This term was created by the Supreme Court in its landmark 1964 ruling in New York Times Co. v. Sullivan, in which the Court held that:

"The constitutional guarantees require, we think, a Federal rule that prohibits a public official from recovering damages for a defamatory falsehood relating to his official conduct unless he proves that the statement was made with “actual malice”—that is, with knowledge that it was false or with reckless disregard of whether it was false or not." (emphasis added).

This term was not newly invented for the Sullivan case, but was a term from existing libel law. In many jurisdictions proof of "actual malice" was required in order for punitive damages to be awarded, or for other increased penalties. Since proof of the writer's malicious intentions is hard to ascertain, proof that the writer knowingly published a falsehood was generally accepted as proof of malice, under the assumption that only a malicious person would knowingly publish a falsehood. In Sullivan case, the Supreme Court adopted this term and gave it constitutional significance, at the same time defining it in terms of the proof which had previously been usual.[1]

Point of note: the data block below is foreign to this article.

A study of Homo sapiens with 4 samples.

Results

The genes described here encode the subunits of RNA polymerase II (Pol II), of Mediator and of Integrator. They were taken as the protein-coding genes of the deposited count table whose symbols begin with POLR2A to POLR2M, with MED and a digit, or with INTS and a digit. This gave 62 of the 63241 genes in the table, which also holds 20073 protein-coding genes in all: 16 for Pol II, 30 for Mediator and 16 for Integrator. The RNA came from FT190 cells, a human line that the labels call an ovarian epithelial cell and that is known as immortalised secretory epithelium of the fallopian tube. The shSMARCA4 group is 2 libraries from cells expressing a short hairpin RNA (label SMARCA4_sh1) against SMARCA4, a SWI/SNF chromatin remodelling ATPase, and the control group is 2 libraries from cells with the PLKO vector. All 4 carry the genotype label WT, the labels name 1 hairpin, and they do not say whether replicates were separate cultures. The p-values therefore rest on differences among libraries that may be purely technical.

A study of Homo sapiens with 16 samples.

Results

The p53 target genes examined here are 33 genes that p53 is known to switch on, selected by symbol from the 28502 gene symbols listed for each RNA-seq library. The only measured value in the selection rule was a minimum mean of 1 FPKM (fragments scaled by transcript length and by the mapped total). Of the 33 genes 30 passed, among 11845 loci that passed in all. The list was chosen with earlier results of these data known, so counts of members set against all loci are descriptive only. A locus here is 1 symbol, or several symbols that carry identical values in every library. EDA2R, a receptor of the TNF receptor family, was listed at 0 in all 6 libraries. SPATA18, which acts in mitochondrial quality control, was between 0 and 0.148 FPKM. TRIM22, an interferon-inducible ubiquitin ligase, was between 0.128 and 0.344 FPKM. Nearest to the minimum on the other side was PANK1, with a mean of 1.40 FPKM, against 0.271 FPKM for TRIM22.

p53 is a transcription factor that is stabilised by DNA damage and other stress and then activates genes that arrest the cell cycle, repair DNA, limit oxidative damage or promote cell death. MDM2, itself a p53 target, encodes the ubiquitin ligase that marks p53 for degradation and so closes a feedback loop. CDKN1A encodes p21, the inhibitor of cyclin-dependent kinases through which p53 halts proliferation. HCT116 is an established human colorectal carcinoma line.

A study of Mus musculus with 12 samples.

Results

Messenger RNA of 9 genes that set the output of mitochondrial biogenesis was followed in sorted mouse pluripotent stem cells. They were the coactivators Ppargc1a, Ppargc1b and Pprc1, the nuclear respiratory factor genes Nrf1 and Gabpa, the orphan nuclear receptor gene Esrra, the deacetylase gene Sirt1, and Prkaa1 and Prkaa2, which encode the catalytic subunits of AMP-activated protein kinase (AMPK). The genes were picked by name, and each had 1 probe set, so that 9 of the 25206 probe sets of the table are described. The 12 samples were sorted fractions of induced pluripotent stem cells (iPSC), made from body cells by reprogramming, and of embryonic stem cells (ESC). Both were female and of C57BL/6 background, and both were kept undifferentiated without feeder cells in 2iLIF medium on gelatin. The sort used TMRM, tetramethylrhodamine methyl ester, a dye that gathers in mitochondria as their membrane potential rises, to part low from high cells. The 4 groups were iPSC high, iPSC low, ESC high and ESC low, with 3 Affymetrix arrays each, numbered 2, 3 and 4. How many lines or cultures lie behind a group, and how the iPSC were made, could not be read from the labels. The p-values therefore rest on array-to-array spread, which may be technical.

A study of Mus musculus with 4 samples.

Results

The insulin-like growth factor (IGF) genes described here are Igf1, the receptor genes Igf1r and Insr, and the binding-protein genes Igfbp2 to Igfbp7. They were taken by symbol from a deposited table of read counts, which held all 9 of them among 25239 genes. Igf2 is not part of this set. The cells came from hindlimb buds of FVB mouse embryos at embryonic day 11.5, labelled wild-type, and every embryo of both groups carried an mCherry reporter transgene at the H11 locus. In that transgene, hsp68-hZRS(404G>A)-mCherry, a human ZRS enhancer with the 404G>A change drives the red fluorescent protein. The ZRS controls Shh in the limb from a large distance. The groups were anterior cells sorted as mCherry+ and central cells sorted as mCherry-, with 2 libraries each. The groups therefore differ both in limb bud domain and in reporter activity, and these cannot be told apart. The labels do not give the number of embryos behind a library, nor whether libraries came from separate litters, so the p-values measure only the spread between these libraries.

Actual malice is different from common law malice which indicates spite or ill-will. It may also differ from "actual malice" as defined in state libel law, as was confirmed in the case of Carol Burnett v. National Enquirer, Inc. (1983). Also see HERBERT v. LANDO, (1979) 441 U.S. 153 (1979)441 U.S. 153 fn 12; "The existence of actual malice may be shown in many ways. As a general rule, any competent evidence, either direct or circumstantial, can be resorted to, and all the relevant circumstances surrounding the transaction may be shown, provided they are not too remote, including threats, prior or subsequent defamations, subsequent statements of the defendant, circumstances indicating the existence of rivalry, ill will, or hostility between the parties, facts tending to show a reckless disregard of the plaintiff's rights..."

See alsoEdit


  1. ^ Lewis, Anthony (1991). Make No Law: The Sullivan Case and the First Amendment. pp. 147, 148, 149, 151, 158 166–68, 172–73. ISBN 0-679-73939-4.